An evidence-based review of the literature on preventing catheter-associated urinary tract infection aims to provide clinicians with an overview of the advances made in the last 20 years [1]. It uses an extensive literature search which should have located most English-language articles published up to 1997.


About a quarter of hospital patients have a urinary catheter some time during their stay, and an average of 5% (range 3-10%) will acquire a urinary tract infection every day. Clearly, then, almost all patients will have an infection after about a month. This can extend hospital stay by about three extra days, and patients with a urinary tract infection are three times more likely to die. The case-fatality rate from urinary tract related bacteraemia is 13%.

Main findings

This review examines so many different aspects that it is all but impossible to summarise for Bandolier , other than recap the main recommendations (Box). There are two major findings. One relates to the use of silver alloy catheters, which have an NNT to prevent one infection of 4.6 (95% confidence interval 3.4 to 6.9), as shown in Bandolier 58 .

Main recommendations

  1. Avoid using a urinary catheter whenever possible. When used, remove as soon as possible.
  2. Always insert a catheter aseptically, use a closed drainage system, and properly maintain the catheter.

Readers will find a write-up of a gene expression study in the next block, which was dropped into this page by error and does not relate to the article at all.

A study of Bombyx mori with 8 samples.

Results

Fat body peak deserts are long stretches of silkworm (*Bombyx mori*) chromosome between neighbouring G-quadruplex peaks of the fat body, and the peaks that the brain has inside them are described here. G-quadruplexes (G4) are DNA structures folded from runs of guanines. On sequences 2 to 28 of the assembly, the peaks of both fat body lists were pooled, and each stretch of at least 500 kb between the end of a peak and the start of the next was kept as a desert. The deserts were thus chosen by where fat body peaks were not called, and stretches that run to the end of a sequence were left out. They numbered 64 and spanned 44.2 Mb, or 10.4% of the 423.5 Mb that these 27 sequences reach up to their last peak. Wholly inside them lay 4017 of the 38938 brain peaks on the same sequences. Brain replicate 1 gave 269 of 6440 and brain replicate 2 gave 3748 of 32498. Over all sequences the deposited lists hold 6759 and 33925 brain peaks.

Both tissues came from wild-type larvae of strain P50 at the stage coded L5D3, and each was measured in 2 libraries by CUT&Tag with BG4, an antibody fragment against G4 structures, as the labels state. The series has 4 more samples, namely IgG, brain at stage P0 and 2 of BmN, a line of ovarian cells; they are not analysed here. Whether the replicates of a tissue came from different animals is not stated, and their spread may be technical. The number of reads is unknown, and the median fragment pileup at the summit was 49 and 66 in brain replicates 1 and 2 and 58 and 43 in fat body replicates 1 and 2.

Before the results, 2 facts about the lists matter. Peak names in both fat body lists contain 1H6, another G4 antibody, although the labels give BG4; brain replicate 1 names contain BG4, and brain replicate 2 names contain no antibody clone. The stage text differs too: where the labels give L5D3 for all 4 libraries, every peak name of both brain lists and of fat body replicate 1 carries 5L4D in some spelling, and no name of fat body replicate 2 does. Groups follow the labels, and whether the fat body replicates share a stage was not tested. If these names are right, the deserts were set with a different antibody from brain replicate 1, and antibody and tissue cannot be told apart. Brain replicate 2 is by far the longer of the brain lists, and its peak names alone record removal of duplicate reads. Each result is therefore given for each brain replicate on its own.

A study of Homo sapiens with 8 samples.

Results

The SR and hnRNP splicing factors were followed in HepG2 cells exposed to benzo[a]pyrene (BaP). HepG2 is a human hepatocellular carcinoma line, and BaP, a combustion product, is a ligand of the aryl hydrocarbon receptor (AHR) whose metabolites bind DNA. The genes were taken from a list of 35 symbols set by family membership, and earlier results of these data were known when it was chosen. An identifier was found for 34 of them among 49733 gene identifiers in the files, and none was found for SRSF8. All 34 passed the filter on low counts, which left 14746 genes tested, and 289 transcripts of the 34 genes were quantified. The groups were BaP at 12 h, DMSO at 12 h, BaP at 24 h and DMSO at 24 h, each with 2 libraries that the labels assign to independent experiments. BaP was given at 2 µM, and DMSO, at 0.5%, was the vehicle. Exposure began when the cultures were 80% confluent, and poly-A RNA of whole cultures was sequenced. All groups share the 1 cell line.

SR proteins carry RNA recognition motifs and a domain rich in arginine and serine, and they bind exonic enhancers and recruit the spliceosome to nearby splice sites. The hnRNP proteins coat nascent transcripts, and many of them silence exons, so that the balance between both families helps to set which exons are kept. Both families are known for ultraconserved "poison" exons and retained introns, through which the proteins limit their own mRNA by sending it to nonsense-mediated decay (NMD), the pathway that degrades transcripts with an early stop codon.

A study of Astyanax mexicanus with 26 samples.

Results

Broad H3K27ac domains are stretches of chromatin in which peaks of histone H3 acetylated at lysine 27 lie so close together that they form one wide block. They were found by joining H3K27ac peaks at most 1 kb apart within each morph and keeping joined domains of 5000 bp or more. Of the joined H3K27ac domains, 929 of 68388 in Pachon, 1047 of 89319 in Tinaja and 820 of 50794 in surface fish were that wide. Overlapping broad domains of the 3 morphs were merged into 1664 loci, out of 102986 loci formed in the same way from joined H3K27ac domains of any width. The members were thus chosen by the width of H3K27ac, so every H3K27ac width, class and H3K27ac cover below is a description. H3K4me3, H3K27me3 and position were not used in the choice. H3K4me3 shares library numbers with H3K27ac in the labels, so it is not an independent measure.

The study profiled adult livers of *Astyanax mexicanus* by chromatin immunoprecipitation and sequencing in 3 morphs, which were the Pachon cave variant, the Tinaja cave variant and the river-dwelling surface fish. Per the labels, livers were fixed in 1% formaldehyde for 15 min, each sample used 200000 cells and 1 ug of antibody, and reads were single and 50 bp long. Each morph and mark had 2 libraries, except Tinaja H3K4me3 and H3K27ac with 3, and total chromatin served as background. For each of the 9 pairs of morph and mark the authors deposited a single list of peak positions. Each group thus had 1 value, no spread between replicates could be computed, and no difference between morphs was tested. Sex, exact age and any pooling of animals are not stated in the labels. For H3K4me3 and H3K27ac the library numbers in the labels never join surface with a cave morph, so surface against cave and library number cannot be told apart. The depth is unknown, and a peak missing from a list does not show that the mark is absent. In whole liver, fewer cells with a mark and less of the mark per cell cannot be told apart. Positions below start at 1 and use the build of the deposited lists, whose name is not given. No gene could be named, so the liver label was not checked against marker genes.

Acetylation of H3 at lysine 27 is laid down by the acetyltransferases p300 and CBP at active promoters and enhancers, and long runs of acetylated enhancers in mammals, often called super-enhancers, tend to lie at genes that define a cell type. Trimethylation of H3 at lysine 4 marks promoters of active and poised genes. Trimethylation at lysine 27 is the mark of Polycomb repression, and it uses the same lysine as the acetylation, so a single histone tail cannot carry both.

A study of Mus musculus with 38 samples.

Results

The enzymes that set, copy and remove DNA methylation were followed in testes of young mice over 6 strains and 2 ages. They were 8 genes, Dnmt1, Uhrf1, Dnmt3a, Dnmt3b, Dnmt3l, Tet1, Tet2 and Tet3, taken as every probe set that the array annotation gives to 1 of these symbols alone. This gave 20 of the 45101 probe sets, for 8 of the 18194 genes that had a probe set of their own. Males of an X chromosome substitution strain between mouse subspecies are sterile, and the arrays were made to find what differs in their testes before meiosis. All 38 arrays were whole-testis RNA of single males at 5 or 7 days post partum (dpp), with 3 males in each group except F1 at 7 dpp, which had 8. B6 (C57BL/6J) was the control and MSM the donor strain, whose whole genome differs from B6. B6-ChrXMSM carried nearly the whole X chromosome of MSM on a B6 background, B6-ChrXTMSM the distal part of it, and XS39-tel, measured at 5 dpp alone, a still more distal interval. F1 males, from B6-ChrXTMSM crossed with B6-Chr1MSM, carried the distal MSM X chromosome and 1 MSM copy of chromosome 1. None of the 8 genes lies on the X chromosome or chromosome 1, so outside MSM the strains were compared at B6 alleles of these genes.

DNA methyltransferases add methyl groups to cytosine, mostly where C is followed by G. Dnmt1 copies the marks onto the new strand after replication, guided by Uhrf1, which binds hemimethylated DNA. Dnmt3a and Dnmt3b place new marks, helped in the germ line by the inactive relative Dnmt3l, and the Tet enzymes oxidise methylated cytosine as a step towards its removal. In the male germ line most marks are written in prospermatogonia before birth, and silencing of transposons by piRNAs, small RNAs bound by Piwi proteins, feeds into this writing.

3. Consider systemic antibiotics only during short term (3-14 days) in patients at high risk for complications of catheter-associated bacteriuria.
  4. Consider using a silver alloy catheter in patients at high risk of complications.
  5. Suprapubic catheters may be desirable in patients needing long-term catheterisation.
  6. A condom catheter may be sensible for incontinent men who will not manipulate the device.
  7. Prophylaxis with trimethoprim-sulphamethoxazole should be given to patients undergoing renal transplanation who need a catheter.
  8. Systemic antibiotic prophylaxis should probably be given to men undergoing transurethral resection of the prostate.
  9. No good evidence that bladder irrigation, antibacterial instillation in the drainage bag, rigorous meatal cleaning, and use of meatal lubricants and creams prevent bacteriuria. They should not be used.

The other major finding is that suprapubic catheters give overall lower rates of bacteriuria than do indwelling catheters. For suprapubic catheters, 15% of 227 patients in six trials (four randomised) had bacteriuria, compared with 37% of 208 patients with indwelling catheters. Use of suprapubic catheters rather than indwelling catheters would prevent bacteriuria for one patient in every five so treated (NNT 4.6, confidence interval 3.4 to 7.4).


This is a super paper, and a 'must-read' for anyone responsible for urinary catheters. It emphasises in strong language the need for thorough hand washing to prevent nosocomial infections. The main recommendations, based on the evidence, are shown in the box.

The other important point that makes this paper worth reading is that it deals with issues relating to catheters in particular clinical situations, like renal transplantation or transurethral resection of the prostate.


  1. S Saint, BA Lipsky. Preventing catheter-related bacteriuria. Should we? Can we? How? Archives of Internal Medicine 1999 159: 800-808.